By Perry Vandell
Information-technology companies will continue to have trouble finding suitable candidates to fill their open positions. That’s according to CompTIA’s industry outlook for 2015.
A survey of nearly 650 IT companies revealed that more than two-thirds (68 percent) of executives “expect to face a challenging or very challenging hiring environment for technical positions this year.”
CompTIA cites numbers compiled by the U.S. Bureau of Labor Statistics – which show the unemployment rate for those in computer and mathematics occupations is less than half the national rate – as evidence of the strong demand for IT workers.
According to CompTIA President and CEO Todd Thibodeaux, a lack of qualified IT professionals could stagnate progress in the tech industry.
“Companies across our industry are delivering affordable, creative technology solutions for businesses and consumers alike, but the persistent shortage of workers educated, trained and certified in the latest technologies threatens to stall the pace of innovation,” Thibodeaux said in a press release.
CompTIA also reports that 43 percent of IT companies in the U.S. have job openings, while another 36 percent are fully staffed, but want to add more people to expand their business. IT companies are so starved for people that about 20 percent have either canceled or postponed projects because they were understaffed.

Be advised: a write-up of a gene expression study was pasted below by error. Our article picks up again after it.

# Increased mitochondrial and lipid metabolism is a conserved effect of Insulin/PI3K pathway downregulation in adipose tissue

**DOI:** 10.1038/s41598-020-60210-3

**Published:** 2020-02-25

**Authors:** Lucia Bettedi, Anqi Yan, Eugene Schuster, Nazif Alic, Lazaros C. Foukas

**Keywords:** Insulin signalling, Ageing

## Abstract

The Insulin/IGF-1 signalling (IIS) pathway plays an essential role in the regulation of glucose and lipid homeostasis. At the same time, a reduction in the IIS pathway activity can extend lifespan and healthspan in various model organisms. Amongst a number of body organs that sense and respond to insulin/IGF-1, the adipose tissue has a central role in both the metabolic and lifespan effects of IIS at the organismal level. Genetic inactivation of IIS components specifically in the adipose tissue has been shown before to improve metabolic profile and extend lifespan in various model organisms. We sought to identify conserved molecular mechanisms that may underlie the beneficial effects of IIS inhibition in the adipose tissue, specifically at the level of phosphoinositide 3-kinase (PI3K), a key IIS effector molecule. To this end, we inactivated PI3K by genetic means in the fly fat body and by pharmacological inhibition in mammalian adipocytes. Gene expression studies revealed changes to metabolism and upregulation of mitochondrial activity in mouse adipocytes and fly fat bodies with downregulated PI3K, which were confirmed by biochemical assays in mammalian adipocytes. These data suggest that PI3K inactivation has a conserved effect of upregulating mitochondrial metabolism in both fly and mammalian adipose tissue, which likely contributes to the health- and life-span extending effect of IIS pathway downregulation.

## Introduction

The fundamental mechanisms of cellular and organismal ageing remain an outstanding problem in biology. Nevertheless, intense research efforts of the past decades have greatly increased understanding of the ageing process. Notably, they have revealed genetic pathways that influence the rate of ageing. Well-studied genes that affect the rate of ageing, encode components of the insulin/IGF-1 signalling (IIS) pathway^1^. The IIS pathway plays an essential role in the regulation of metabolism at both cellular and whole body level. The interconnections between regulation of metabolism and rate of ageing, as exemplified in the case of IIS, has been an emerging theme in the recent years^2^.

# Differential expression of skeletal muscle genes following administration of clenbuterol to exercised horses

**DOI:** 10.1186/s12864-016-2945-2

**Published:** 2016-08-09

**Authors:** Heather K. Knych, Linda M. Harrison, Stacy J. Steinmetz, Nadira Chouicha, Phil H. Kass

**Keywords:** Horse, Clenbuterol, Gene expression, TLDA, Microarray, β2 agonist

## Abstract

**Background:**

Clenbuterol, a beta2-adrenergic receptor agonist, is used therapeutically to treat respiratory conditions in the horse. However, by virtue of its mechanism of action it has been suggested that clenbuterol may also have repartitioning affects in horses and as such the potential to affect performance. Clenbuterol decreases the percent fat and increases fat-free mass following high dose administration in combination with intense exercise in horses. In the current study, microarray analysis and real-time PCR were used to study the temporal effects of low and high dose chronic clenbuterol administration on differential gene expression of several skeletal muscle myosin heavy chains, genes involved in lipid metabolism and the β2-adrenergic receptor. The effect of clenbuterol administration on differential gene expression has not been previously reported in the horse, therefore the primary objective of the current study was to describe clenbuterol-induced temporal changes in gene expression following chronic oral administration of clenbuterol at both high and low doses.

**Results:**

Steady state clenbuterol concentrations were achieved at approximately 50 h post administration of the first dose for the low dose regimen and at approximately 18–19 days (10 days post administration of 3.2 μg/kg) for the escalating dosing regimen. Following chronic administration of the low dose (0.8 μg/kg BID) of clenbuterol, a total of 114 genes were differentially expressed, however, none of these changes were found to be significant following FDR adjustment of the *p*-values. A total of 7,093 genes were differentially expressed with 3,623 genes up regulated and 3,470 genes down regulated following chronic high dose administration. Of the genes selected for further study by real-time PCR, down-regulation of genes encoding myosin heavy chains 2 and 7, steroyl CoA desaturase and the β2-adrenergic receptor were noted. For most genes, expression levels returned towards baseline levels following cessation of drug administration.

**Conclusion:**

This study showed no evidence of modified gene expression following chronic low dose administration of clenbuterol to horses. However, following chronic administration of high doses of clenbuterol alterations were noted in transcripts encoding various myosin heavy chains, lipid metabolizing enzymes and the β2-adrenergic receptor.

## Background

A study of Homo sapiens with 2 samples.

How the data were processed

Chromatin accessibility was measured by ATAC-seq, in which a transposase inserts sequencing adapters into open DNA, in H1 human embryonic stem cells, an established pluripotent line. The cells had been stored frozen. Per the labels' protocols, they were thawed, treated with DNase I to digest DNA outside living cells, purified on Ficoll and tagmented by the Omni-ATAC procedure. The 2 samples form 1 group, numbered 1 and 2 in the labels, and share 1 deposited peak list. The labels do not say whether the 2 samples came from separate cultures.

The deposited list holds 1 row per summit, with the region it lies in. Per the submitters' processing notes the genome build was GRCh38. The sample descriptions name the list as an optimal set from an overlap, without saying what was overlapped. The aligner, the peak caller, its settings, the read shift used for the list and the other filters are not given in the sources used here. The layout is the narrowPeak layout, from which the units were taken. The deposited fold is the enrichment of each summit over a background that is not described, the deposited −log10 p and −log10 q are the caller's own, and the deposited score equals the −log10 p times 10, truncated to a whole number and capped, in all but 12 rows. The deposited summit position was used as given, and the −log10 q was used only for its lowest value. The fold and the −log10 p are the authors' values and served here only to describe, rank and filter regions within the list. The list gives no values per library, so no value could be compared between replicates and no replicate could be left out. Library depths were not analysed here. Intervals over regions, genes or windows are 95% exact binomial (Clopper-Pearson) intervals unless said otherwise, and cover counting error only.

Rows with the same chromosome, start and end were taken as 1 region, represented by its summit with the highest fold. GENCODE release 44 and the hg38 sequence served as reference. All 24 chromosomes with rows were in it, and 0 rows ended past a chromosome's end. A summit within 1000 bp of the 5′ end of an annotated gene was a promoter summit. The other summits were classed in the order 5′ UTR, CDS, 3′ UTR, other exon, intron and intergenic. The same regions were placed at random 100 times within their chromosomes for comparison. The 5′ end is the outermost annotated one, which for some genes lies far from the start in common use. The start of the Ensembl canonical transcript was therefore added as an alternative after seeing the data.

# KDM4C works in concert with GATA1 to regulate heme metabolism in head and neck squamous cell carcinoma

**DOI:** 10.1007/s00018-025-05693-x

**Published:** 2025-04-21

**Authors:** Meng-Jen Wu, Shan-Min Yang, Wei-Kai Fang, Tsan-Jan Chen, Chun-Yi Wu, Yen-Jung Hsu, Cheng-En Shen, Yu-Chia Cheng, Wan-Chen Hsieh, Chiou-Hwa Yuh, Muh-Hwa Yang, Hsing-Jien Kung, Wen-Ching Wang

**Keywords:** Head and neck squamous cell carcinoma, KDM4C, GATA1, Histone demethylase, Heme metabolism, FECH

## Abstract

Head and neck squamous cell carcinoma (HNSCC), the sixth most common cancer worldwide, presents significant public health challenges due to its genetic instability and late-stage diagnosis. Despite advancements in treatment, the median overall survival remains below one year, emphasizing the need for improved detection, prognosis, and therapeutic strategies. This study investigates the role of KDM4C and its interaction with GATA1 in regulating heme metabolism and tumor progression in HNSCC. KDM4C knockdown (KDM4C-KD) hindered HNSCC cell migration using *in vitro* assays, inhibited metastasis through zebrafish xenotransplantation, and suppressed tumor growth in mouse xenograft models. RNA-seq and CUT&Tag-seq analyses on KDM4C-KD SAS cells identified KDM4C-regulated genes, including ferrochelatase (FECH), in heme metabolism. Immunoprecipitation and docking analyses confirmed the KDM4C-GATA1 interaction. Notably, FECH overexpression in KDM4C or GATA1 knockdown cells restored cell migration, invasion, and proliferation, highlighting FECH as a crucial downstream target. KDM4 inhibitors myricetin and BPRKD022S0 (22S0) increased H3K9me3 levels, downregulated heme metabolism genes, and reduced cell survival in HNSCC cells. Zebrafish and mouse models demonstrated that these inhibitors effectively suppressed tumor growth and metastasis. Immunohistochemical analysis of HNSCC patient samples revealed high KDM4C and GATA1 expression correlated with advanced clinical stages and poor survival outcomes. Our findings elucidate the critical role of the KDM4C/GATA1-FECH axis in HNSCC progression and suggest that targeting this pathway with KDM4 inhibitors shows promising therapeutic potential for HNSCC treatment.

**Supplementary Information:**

These issues arise at a time when IT departments at many companies are strapped for cash. A survey conducted by Spiceworks shows that only one-third (33 percent) of IT professionals expect their budgets to increase over last year. When it comes to those expecting new hires in their company’s IT department, that number drops to one-quarter (25 percent).
Instead, many IT departments are devoting their 2015 budgets to replacing aging hardware and software. Spiceworks reports that more than half of the desktops and laptops in its network are more than four years old, while 20 percent are more than seven years old.
However, the company suspects that many IT departments will have trouble migrating from Windows Server 2003 before the recommended deadline, July 14, 2015. Of the companies in Spiceworks’ network, almost two-thirds (65 percent) have at least one instance of Microsoft’s aging server operating system running in their environment.
Somehow, IT companies and departments will have to solve these dilemmas without the money to add the new hires they need, of which there are too few.